A shocking new report on proposed college campus rule changes could dramatically alter America’s approach to sexual assault — in a way that undermines the rights and protections of victims.

According to proposed rule changes from Education Secretary Betsy DeVos, the changes would raise the bar for what constitutes sexual harassment or assault to “unwelcome conduct on the basis of sex that is so severe, pervasive and objectively offensive that it denies a person access to the school’s education program or activity.”


Even more disturbing, the proposed changes would allow the accused to “confront” their accusers in cross-examinations and mediated dialogue and have access to evidence even in situations where that evidence would not be used as part of a criminal or disciplinary situation.

Earlier rules outlined in 2011 by the Obama Administration sought to avoid such mediations, even when both parties agreed to them, because of the obvious risk of emotional harm and legal liabilities placed upon victims of harassment or assault.

Many of the changes are aimed at undoing advances made during the Obama presidency.

Like so many moves made under President Trump’s watch, the proposed rule changes seem to have as much to do with attacking Obama’s legacy as they do with enacting actual policy.

In the draft obtained exclusively by The New York Times, DeVos writes that “The lack of clear regulatory standards has contributed to processes that have not been fair to all parties involved, that have lacked appropriate procedural protections, and that have undermined confidence in the reliability of the outcomes of investigations of sexual harassment allegations.”

Recent studies from the Department of Education show that reports of sexual harassment and assault are unbelievably low, in 2015, 89 percent of American colleges reported zero cases of rape.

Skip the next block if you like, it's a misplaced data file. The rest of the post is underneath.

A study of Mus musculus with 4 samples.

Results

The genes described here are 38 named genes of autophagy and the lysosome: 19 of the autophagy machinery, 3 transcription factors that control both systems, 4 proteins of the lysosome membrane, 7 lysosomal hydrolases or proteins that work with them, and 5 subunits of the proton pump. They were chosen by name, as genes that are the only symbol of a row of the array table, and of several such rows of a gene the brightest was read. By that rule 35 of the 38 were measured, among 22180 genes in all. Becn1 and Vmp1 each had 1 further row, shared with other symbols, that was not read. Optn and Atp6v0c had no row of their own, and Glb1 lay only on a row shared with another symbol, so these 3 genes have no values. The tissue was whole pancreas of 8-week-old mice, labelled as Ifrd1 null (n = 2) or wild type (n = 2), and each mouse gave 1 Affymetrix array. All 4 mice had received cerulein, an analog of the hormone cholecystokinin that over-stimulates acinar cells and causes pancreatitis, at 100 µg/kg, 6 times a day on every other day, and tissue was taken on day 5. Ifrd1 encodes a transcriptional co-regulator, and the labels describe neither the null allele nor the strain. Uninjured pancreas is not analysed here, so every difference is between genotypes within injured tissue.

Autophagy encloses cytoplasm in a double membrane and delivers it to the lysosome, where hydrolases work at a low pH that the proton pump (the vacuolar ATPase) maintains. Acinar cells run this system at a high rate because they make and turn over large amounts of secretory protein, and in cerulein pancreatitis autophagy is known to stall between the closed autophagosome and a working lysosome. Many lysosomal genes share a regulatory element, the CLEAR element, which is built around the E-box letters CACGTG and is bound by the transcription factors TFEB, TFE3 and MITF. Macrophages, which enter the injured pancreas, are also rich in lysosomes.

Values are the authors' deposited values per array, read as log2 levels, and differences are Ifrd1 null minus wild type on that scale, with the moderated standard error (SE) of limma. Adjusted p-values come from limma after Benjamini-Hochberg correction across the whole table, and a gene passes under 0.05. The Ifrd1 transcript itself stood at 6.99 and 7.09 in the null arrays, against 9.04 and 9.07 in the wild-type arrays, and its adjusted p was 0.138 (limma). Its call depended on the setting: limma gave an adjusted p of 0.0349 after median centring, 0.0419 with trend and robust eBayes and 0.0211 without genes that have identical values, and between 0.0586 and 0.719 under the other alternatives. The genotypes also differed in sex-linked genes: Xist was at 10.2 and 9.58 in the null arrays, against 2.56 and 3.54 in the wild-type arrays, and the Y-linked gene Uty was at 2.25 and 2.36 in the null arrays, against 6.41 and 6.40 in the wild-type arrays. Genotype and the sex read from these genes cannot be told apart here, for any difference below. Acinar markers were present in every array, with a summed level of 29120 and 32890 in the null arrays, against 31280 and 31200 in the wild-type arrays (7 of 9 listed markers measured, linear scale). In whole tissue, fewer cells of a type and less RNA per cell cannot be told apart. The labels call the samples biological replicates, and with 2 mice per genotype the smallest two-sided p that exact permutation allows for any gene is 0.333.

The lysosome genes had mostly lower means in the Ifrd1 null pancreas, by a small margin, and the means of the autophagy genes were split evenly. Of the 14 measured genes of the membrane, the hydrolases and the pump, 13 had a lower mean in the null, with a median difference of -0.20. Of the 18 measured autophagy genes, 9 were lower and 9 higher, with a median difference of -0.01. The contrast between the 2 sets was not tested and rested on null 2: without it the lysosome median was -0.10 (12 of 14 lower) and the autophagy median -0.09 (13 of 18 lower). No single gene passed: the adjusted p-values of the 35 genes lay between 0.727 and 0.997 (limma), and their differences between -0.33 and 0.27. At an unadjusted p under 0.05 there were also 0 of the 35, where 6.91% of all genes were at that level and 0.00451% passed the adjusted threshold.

That flies in the face of more widely accepted studies which estimate that 20 percent of all women experience sexual assault on college campuses.

In other words, to score political points against President Obama’s legacy, the Trump Administration is going out of its way to protect the rights of those accused of sexual harassment and assault.

This is a shocking change. And the only way to stop the Trump White House is to demand they back down.

So far, the Education Department is denying The New York Times report. But as The Times notes, if the Education Department’s draft rules are approved by Betsy DeVos, they would not require congressional approval.

Instead, the rule changes only require a “public comment period” before they are backed by the force of law.

Whether or not these are the final rules proposed by the Trump White House, it’s clear they are not moving in the direction of protecting men and women who have survived assault or been victims of harassment.

If we want to stop these changes from becoming law it’s up to everyone to let the White House know that the changes are unacceptable. The rules put into place by the Obama White House in 2011 may not be perfect but these changes are perfectly wrong.